Watch these miniature Brazilian frogs in all their awkward glory

These miniature Brazilian frogs (aka pumpkin toadlets) don't have much balance and thus jump in reallllly awkward ways. Apparently, their inner ears are too small to provide good balance. New research published in Science explains the phenomenon:

Miniaturization has evolved repeatedly in frogs in the moist leaf litter environments of rainforests worldwide. Miniaturized frogs are among the world's smallest vertebrates and exhibit an array of enigmatic features. One area where miniaturization has predictable consequences is the vestibular system, which acts as a gyroscope, providing sensory information about movement and orientation. We investigated the vestibular system of pumpkin toadlets, Brachycephalus (Anura: Brachycephalidae), a clade of miniaturized frogs from Brazil. The semicircular canals of miniaturized frogs are the smallest recorded for adult vertebrates, resulting in low sensitivity to angular acceleration due to insufficient displacement of endolymph. This translates into a lack of postural control during jumping in Brachycephalus and represents a physical constraint resulting from Poiseuille's law, which governs movement of fluids within tubes.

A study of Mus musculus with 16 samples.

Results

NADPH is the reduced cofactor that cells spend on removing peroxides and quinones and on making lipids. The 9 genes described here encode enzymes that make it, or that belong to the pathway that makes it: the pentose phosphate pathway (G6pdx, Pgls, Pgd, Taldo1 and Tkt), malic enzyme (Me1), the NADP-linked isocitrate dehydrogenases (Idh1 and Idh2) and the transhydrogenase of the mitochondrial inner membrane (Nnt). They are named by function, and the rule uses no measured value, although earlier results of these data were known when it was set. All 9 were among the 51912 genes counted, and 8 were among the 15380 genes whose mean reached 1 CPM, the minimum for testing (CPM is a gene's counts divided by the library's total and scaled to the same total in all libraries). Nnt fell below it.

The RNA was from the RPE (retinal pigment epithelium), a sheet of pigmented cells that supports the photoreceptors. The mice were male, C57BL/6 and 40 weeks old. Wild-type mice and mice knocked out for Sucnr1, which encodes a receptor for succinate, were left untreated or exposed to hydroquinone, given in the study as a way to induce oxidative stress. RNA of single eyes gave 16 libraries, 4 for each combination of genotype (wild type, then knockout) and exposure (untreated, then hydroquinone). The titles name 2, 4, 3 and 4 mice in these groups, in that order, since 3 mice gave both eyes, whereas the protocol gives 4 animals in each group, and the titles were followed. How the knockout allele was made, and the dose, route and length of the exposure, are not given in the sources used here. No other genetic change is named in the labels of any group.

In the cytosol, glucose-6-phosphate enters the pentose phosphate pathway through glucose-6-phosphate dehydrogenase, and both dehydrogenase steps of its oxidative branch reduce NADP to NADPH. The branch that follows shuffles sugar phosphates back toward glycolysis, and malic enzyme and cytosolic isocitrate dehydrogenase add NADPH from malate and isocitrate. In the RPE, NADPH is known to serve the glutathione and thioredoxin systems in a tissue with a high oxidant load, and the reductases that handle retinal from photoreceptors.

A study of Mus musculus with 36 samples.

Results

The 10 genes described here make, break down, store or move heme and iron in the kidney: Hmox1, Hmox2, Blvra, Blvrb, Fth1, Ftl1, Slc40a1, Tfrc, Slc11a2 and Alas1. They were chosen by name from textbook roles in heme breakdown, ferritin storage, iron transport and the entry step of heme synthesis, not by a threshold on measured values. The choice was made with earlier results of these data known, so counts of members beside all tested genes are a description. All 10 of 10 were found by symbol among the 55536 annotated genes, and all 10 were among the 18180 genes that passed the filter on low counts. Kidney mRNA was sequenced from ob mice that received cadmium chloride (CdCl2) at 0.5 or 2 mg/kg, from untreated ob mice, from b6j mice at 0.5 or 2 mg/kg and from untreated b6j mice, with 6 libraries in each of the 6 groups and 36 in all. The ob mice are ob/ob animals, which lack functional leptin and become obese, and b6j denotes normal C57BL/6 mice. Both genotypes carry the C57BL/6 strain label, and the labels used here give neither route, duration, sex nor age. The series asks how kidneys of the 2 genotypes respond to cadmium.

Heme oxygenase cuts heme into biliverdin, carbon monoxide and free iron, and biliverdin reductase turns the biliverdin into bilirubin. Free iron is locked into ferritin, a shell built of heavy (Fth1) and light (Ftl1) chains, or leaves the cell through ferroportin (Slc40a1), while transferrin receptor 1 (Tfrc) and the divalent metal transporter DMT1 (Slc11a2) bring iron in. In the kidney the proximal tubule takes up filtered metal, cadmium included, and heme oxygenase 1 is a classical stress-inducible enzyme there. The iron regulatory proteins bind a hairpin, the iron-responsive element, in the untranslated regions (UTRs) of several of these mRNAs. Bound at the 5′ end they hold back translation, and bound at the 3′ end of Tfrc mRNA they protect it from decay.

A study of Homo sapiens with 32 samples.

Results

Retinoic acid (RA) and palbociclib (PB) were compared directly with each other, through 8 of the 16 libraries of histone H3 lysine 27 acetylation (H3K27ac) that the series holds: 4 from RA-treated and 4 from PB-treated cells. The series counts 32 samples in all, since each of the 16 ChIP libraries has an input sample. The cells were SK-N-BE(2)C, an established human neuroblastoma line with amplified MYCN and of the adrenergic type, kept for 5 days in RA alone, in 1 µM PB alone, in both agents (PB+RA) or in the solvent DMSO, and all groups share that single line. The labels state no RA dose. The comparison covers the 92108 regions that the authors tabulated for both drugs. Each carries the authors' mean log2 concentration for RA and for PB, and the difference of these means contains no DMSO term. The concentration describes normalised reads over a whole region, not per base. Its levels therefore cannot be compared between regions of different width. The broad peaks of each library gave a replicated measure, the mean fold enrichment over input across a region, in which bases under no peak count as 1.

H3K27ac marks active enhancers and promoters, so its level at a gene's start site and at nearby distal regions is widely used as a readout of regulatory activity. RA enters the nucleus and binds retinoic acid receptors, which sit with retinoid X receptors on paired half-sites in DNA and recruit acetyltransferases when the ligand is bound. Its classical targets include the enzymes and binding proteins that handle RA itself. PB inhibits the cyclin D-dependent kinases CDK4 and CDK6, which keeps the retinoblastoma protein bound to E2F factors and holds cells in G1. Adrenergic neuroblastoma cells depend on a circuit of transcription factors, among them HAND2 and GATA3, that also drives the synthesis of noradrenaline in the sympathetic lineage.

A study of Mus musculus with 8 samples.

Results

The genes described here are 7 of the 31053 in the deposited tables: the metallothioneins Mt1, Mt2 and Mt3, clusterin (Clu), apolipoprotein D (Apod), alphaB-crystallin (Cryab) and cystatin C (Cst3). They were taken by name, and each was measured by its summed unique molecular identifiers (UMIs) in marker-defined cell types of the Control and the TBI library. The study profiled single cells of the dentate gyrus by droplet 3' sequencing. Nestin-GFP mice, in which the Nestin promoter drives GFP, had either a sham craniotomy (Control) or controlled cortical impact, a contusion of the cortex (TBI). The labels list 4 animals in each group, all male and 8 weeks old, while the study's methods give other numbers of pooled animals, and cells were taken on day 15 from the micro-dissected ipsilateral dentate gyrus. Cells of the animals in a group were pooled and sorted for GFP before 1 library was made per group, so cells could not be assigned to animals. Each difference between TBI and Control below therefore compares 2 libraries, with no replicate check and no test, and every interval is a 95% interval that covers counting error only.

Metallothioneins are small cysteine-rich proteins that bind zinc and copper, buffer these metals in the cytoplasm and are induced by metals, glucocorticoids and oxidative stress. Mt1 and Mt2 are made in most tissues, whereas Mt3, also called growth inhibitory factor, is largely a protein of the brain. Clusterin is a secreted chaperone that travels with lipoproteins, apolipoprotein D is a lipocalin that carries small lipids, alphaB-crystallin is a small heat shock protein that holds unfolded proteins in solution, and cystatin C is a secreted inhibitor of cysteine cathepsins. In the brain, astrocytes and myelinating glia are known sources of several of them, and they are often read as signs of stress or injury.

Smithsonian magazine further explains:

"They're not great jumpers, and they're not particularly good walkers either. They sort of stomp around in a stilted, peg-like version of walking," says Edward Stanley, study co-author and director of the Florida Museum of Natural History's Digital Discovery and Dissemination Laboratory, in a statement.

Using CT scans of the brightly colored toadlet, researchers found that their vestibular system, the structures within the ear that guide balance in vertebrates, is so small that when the frogs spring into the air, they quickly lose their balance and simply fall gracelessly to the ground, reports Isaac Schultz for Gizmodo. The CT scans were part of a larger project called oVert, a four-year initiative across 18 institutions to create 3-D models of more than 20,000 fluid-preserved museum specimens.  

You can watch them in all of their awkward glory in the video embedded above. These tiny frogs really are quite pathetic and silly. I've never related so hard to an amphibian in all my life.